When reviewing reference standards, a single word can make the difference between a requirement that is mandatory, versus one that is recommended or optional. The same is true of specifications, although in that case, most if not all requirements should be written as being mandatory. The words shall, should, and may are the focus of this article as used in SSPC/NACE standards. The examples below are from the 2007 version of SSPC-SP10/NACE No. 2 Near-White Metal Blast Cleaning. The words have been underlined and shown in italics for emphasis.
Shall – Shall is used to designate a mandatory requirement.
Examples of Shall:
3.1 The latest issue, revision, or amendment of the documents listed in Paragraph 3.3 in effect on the date of invitation to bid shall govern unless otherwise specified.
3.2 If there is a conflict between the requirements of any of the documents listed in Paragraph 3.3 and this standard, the requirements of this standard shall prevail.
4.1 Before blast cleaning, visible deposits of oil, grease, or other contaminants shall be removed in accordance with SSPC-SP 1 or other agreed-upon methods.
Should – Should is used for requirements that are considered good and are recommended, but are not absolutely mandatory.
Examples of Should:
4.2 Before blast cleaning, surface imperfections such as sharp fins, sharp edges, weld spatter, or burning slag should be removed from the surface to the extent required by the procurement documents (project specification). Additional information on surface imperfections is in Paragraph A4 of Appendix A.
4.3 If reference photographs or comparators are specified to supplement the written standard, the condition of the steel prior to blast cleaning should be determined before blasting commences. Additional information on reference photographs and comparators is in Paragraph A3 of Appendix A.
8.3 The procurement documents (project specification) should establish the responsibility for inspection and for any required affidavit certifying compliance with the specification.
May – May is used to for requirements that are optional.
Examples of May:
5.3 Other methods of surface preparation (such as wet abrasive blast cleaning) may be used to achieve a near-white metal blast cleaned surface by mutual agreement between those responsible for establishing the requirements and those responsible for performing the work. Information on the use of inhibitors to prevent the formation of rust immediately after wet abrasive blast cleaning is in Paragraph A5 of Appendix A.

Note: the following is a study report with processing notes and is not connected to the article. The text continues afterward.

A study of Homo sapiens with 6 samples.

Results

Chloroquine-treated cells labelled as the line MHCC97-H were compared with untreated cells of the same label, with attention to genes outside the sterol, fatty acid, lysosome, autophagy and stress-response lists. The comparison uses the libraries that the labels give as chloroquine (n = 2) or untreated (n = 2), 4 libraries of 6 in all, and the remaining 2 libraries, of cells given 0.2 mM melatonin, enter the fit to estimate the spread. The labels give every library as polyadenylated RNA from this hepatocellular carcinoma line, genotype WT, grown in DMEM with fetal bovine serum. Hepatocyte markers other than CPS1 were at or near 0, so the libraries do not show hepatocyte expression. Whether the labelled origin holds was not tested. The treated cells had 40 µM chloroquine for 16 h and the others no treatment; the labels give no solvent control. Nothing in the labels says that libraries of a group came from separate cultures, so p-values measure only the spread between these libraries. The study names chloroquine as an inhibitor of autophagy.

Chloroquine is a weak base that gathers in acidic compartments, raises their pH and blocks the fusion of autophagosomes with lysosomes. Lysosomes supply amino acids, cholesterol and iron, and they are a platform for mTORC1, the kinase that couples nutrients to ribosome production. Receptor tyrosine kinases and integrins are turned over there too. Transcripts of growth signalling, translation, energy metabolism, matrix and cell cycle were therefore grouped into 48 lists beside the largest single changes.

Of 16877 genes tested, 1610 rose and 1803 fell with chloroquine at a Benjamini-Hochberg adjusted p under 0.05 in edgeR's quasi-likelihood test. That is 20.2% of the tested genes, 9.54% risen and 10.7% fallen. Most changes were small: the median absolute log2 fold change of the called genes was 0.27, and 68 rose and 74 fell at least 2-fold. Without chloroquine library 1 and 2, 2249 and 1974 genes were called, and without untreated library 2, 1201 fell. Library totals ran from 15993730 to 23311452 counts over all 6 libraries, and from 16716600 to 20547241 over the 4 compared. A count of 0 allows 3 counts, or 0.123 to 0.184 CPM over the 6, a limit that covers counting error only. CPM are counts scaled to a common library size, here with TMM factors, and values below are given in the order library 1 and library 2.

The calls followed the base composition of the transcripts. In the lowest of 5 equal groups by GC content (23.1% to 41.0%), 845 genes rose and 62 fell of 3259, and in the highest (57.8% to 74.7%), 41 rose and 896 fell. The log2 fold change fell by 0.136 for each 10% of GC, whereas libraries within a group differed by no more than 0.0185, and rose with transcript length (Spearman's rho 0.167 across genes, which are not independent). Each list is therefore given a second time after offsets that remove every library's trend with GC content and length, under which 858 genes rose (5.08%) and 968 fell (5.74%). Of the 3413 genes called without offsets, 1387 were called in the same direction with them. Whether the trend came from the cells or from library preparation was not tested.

7.2.2 Moisture separators, oil separators, traps, or other equipment may be necessary to achieve clean, dry air.
Combinations of Shall and May – Following are a few examples where shall and may are used together in the standard.
Examples of Shall and May combined:
2.1 Near-White Metal Blast Cleaned Surface: A near-white metal blast cleaned surface, when viewed without magnification, shall be free of all visible oil, grease, dust, dirt, mill scale, rust, coating, oxides, corrosion products, and other foreign matter. Random staining shall be limited to no more than 5 percent of each unit area of surface (approximately 5,800 mm2 [9.0 in.2] (i.e., a square 76 mm x 76 mm [3.0 in. x 3.0 in.]), and may consist of light shadows, slight streaks, or minor discolorations caused by stains of rust, stains of mill scale, or stains of previously applied coating.
2.1.2 SSPC-VIS 1 may be specified to supplement the written definition. In any dispute, the written definition set forth in this standard shall take precedence over reference photographs and comparators. Additional information on reference photographs and comparators is in Paragraph A3 of Appendix A.
5.1 Clean, dry compressed air shall be used for nozzle blasting. Moisture separators, oil separators, traps, or other equipment may be necessary to achieve this requirement.
6.4 Any limitations on the use of specific abrasives, the quantity of contaminants, or the degree of allowable embedment shall be included in the procurement documents (project specification) covering the work, because abrasive embedment and abrasives containing contaminants may not be acceptable for some service requirements. Additional information on abrasive selection is in Paragraph A6 of Appendix A.
7.2.1 The presence of toxic metals in the abrasives or coating being removed may place restrictions on the methods of cleaning permitted. The chosen method shall comply with all applicable regulations.
When reviewing standards or writing specifications, the words must be selected with the intention clearly in mind. “Must” is the same as “shall” and is another option in those cases when “shall” isn’t appropriate for the sentence structure.